It is, perhaps, no secret that BT dominates the leased line market in the UK. So much so, in fact, that Ofcom have directly addressed this dominance by imposing stricter regulations for the provider, including caps on cost and improved installation times. Because of this, many business customers may find that their leased line contracts are actually split between their chosen provider and BT, where BT owns a portion of the line. You may find, for example, that a different provider can offer the majority of the service, but the last kilometre or so may need to be provided by BT if it is considered ‘off net’.
This results in slightly more complex leased line contracts for businesses, but is this really a problem? The good news is that, assuming you have selected a leased line provider with a strong UK reputation, such as Daisy, Colt, or Fusion, for example, there shouldn’t be anything to worry about. You will, however, need to understand how these complex leased line contracts may affect your business:
Installation may be slightly extended when there is more than one provider involved in the process. However, with the introduction of Ofcom’s latest protocols for regulating installation of leased lines, installation services are expected to greatly improve.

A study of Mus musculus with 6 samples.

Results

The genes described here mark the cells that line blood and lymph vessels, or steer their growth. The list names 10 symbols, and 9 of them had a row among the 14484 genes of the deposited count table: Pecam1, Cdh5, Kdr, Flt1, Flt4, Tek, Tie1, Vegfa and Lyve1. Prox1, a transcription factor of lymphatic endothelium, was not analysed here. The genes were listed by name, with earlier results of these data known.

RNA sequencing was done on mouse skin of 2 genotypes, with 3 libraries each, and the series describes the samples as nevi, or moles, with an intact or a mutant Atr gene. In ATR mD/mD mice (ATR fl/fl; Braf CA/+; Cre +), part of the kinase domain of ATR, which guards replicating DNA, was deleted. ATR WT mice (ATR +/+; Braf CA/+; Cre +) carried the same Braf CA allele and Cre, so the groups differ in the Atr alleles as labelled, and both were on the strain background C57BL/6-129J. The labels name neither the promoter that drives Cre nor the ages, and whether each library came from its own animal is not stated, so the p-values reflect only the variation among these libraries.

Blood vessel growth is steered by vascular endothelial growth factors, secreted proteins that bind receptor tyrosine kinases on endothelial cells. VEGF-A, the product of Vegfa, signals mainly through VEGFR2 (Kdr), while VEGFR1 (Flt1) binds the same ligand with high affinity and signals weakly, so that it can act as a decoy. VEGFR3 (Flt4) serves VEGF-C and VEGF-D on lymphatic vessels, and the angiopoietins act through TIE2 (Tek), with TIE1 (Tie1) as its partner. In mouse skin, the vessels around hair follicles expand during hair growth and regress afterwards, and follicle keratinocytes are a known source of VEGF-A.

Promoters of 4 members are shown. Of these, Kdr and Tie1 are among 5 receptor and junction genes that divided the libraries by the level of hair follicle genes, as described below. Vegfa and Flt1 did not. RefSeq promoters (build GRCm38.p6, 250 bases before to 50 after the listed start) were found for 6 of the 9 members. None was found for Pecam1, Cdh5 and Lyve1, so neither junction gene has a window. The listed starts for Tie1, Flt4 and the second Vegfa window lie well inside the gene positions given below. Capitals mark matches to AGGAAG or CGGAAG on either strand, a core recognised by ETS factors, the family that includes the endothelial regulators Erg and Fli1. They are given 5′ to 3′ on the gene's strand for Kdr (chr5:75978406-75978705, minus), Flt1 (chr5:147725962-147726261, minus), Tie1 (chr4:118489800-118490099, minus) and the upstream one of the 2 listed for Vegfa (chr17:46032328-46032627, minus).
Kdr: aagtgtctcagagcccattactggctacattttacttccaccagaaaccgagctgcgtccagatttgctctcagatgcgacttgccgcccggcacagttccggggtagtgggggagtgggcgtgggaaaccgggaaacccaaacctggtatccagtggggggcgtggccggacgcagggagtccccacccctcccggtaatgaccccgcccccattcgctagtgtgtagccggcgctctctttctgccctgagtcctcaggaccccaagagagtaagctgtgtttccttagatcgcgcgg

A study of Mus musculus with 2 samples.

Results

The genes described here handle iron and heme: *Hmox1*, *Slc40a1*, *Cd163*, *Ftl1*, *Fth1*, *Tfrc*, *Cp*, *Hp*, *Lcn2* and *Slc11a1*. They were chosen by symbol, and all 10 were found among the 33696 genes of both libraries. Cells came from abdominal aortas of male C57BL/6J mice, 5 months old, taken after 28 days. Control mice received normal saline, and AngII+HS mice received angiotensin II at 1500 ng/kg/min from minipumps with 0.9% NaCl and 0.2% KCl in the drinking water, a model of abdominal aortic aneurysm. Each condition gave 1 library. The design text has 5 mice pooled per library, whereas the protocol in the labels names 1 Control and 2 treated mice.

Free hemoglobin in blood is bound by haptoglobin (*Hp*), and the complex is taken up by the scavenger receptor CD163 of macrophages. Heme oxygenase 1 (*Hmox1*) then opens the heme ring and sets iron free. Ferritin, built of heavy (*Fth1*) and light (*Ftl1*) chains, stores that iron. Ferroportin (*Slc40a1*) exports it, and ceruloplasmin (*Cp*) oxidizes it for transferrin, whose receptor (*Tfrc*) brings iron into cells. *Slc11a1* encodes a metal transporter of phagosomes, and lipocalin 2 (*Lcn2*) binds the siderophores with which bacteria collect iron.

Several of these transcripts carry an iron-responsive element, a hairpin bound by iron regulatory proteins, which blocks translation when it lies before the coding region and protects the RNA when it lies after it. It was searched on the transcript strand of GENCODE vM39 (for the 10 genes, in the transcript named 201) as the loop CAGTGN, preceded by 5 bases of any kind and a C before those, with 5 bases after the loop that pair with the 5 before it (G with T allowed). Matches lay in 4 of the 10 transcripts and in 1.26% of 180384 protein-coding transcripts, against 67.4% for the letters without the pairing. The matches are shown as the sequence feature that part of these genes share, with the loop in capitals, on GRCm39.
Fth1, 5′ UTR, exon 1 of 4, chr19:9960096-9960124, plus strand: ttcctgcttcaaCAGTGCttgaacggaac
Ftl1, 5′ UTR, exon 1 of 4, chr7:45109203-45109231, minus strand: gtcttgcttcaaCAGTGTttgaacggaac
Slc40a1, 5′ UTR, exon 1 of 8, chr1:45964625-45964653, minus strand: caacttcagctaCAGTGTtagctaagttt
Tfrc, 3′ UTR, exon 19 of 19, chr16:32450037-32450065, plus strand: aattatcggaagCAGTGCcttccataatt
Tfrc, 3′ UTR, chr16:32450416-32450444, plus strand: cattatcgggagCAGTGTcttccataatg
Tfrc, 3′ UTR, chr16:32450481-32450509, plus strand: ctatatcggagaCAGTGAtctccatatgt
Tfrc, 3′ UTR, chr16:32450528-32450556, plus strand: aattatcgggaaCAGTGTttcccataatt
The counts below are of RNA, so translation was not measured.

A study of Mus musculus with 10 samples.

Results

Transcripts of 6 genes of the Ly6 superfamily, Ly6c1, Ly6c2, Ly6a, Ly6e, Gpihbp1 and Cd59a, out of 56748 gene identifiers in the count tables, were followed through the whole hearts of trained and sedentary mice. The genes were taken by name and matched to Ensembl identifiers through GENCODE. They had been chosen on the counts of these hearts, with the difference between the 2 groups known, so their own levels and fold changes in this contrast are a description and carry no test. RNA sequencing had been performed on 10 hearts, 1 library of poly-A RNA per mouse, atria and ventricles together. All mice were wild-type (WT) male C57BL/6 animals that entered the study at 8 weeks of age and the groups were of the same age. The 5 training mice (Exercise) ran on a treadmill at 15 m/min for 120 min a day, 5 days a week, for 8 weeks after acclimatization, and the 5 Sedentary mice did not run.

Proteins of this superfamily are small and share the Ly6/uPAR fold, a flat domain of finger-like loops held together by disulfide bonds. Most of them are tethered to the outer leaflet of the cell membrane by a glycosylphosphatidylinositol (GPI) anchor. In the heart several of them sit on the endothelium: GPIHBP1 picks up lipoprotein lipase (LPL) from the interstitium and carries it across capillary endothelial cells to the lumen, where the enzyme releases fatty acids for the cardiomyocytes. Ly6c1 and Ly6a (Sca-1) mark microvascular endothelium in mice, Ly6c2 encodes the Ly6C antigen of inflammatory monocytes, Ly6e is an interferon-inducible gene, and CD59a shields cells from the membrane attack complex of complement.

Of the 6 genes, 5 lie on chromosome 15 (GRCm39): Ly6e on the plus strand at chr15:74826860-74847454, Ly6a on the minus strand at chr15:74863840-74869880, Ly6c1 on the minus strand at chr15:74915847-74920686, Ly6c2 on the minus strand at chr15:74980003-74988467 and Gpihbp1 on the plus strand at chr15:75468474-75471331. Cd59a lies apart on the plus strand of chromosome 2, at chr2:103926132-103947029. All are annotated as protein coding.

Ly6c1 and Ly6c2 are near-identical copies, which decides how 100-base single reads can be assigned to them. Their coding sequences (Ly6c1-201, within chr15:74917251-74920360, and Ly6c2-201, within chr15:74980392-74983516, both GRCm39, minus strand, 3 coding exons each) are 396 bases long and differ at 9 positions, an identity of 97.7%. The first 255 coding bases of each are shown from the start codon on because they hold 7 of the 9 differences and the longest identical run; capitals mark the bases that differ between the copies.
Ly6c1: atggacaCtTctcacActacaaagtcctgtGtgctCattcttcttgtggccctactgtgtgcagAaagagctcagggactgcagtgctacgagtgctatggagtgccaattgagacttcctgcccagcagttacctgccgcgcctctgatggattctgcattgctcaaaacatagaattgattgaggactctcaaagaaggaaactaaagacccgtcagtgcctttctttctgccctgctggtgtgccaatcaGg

Leased lines are known for their excellent service level agreements, but keep in mind that you may be required to accept a slightly degraded SLA for a complex contract. In this case, there will not only be an SLA between your business and provider, but between your provider and BT.
Fix Time –
As with SLA, should there be a fault on the line, reporting and receiving a fix isn’t quite as straightforward as if you had a direct contract with a single provider. You will need to take into account communications between the multiple providers when considering fix time.
Is It Worth It?
For many businesses, the deciding factors for leased lines are price, SLA, and fix time – this was what businesses primarily look at when they compare leased line providers online. Businesses that identify a suitable product that meets their needs in terms of allocated budget and service should not be deterred by complex contracts provided by two separate providers. As standardisation of leased lines becomes more commonplace thanks to Ofcom’s guidelines, businesses have less and less to worry about!